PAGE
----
Carrying signs reading "Murder is Murder," "Every Life Matters," and "Justice 4 Colten," several Colten Boushie family members and supporters staged a short but peaceful protest outside Provincial Court in North Battleford Monday to raise awareness of the court case.
"I would just like to say to the people, I just want justice for Colten," Colten Boushie's mother Debbie Baptiste said. "I just hope this works out well for all of us."
Monday's Preliminary Inquiry into the case of Gerald Stanley, 55, is expected to continue on to Friday. The Biggar-area farmer is facing a charge of second-degree murder related to the Aug. 9, 2016, incident in which Colten Boushie, 22, was shot and killed in Stanley's farm yard. The allegations have not been proven in court.
The Preliminary Inquiry has a publication ban so evidence heard at the hearing cannot be reported.
"This is to help ensure Mr. Stanley gets a fair trial, and that the evidence of a preliminary inquiry is not widely publicized," Colten Boushie’s family's legal counsel Chris Murphy said.
Murphy was surprised to see so much security for the preliminary hearing, saying "the families are here in a peaceful way to engage in the process.”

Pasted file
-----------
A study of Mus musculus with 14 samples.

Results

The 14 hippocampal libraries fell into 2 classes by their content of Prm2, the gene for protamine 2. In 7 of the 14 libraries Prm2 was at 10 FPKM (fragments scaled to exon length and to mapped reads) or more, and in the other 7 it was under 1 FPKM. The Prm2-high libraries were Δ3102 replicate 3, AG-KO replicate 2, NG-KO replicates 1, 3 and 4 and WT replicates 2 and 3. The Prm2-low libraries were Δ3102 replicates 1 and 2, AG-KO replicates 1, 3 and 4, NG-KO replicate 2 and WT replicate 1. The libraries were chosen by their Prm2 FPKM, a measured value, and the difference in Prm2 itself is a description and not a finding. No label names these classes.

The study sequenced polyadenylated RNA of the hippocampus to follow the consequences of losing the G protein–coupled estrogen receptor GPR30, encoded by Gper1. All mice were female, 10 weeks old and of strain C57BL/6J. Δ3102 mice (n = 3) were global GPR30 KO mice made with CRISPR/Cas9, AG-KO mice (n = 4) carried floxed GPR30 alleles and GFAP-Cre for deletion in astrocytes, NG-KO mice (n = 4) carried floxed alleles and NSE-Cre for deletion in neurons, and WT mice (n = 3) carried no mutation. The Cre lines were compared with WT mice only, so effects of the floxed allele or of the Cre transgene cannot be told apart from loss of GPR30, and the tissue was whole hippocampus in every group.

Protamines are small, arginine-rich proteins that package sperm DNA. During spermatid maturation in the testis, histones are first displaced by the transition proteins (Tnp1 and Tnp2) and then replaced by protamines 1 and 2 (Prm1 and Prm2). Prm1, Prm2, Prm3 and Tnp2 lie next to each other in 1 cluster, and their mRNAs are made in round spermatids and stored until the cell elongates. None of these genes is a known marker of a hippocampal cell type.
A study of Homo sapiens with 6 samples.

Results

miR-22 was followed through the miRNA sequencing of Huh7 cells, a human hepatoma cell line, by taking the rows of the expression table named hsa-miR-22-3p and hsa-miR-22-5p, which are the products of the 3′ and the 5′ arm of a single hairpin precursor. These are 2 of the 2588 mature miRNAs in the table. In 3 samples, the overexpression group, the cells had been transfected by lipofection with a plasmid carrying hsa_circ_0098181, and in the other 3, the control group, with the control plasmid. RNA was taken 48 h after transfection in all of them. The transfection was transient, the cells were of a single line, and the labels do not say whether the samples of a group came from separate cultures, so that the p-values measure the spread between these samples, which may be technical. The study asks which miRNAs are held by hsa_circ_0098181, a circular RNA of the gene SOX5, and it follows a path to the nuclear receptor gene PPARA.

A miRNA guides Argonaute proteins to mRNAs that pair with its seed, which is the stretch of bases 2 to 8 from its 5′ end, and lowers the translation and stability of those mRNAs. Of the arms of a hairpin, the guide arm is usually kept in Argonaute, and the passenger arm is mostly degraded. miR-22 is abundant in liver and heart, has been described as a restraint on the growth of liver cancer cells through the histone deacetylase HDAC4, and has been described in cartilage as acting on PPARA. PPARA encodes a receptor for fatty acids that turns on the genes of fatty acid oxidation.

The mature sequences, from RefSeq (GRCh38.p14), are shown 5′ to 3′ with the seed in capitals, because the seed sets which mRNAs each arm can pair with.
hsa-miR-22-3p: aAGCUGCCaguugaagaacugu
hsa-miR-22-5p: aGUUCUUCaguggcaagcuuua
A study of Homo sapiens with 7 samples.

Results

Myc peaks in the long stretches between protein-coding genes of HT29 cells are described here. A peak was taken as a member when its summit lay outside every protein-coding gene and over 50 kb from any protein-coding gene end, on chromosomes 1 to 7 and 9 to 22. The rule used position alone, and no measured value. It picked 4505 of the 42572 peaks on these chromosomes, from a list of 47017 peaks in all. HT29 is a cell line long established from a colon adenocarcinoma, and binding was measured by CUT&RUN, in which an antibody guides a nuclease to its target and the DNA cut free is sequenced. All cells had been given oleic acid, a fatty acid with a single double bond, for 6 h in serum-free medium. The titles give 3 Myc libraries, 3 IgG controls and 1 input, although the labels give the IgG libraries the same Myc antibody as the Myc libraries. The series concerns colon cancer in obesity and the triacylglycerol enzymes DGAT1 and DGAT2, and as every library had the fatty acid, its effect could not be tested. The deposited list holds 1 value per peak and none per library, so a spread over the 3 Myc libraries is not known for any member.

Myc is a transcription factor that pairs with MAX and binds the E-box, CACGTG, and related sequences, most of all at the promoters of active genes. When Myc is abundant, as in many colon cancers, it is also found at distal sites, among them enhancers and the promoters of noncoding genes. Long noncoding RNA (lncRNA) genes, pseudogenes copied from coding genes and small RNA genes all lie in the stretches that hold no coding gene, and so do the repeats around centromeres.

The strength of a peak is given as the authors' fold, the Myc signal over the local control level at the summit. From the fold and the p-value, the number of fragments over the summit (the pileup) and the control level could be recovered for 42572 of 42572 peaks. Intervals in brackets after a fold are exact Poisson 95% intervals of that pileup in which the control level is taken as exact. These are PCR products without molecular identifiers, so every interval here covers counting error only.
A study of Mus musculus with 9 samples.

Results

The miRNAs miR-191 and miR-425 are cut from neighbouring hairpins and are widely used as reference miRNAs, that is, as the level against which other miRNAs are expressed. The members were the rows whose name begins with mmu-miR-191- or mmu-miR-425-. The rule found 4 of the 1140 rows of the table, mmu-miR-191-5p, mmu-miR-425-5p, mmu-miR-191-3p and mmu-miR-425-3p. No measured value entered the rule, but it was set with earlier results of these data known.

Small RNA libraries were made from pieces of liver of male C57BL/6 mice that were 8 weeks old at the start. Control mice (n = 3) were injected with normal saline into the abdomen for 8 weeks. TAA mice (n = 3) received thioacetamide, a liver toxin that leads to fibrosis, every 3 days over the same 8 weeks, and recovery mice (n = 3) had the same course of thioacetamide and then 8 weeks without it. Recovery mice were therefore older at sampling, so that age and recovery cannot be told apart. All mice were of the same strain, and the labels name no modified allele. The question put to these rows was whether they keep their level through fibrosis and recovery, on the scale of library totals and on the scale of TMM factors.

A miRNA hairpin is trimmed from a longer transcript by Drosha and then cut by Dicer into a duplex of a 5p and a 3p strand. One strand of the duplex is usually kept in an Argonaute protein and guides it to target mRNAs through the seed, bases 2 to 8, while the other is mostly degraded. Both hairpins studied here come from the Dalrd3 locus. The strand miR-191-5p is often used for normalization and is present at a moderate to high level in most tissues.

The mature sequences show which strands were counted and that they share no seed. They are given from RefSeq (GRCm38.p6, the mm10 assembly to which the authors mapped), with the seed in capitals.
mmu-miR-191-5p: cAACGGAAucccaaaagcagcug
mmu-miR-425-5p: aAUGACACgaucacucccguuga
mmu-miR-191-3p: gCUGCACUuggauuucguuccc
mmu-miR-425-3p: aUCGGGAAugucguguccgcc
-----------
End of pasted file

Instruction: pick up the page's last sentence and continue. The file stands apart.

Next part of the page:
Gerald Stanley's lawyer Scott Spencer said he was pleased to hear Colten Boushie’s family made a statement saying they want the truth to come out.
"I was also pleased to see everything is very respectful this morning, hopefully that carries on all week," Spencer said. "That is a responsible way to deal with what is clearly a tragedy."
He added the events have been "extremely stressful and extremely difficult" for Mr. Stanley. "The tragedy is not lost on anybody. You hear the [Boushie] family in the courtroom suffering and that's tough on everybody. It's a terrible tragedy and you can't help but feel for them."
Colten Boushie's uncle Alvin Baptiste from Red Pheasant First Nation came to support the family. He said "his heart feels heavy inside" attending the Preliminary Inquiry.
"We are trying to seek healing, but it's like déjà vu. It’s starting all over again. I'm a little shaky inside ...but I try to stay strong for my family. I try to give the support and guidance to my family," he said.
Lester Nicotine, of Red Pheasant First Nation, attended court wearing a coat belonging to his grandfather, a former chief. Nicotine also wore the Red Pheasant medallion, and carried a symbolic feather he said “supports and guides” him.
He said, in his view, the Aug. 9, 2016, tragedy on Stanley's farm also highlights a larger more complicated and contentious issue - the question of property rights and land boundaries.
He said people should try to get along, live peacefully and share the land.
"We have Treaty 6, that is where we come from in Red Pheasant," he said. "We have hunted all over and trapped all over. There is Crown land and Reserve land the government gave us, but we have roamed all over ...along rivers and lakes."
"It's always been a touchy issue. We have to get along eventually," he added. "It seems like the government wants us to fight amongst each other."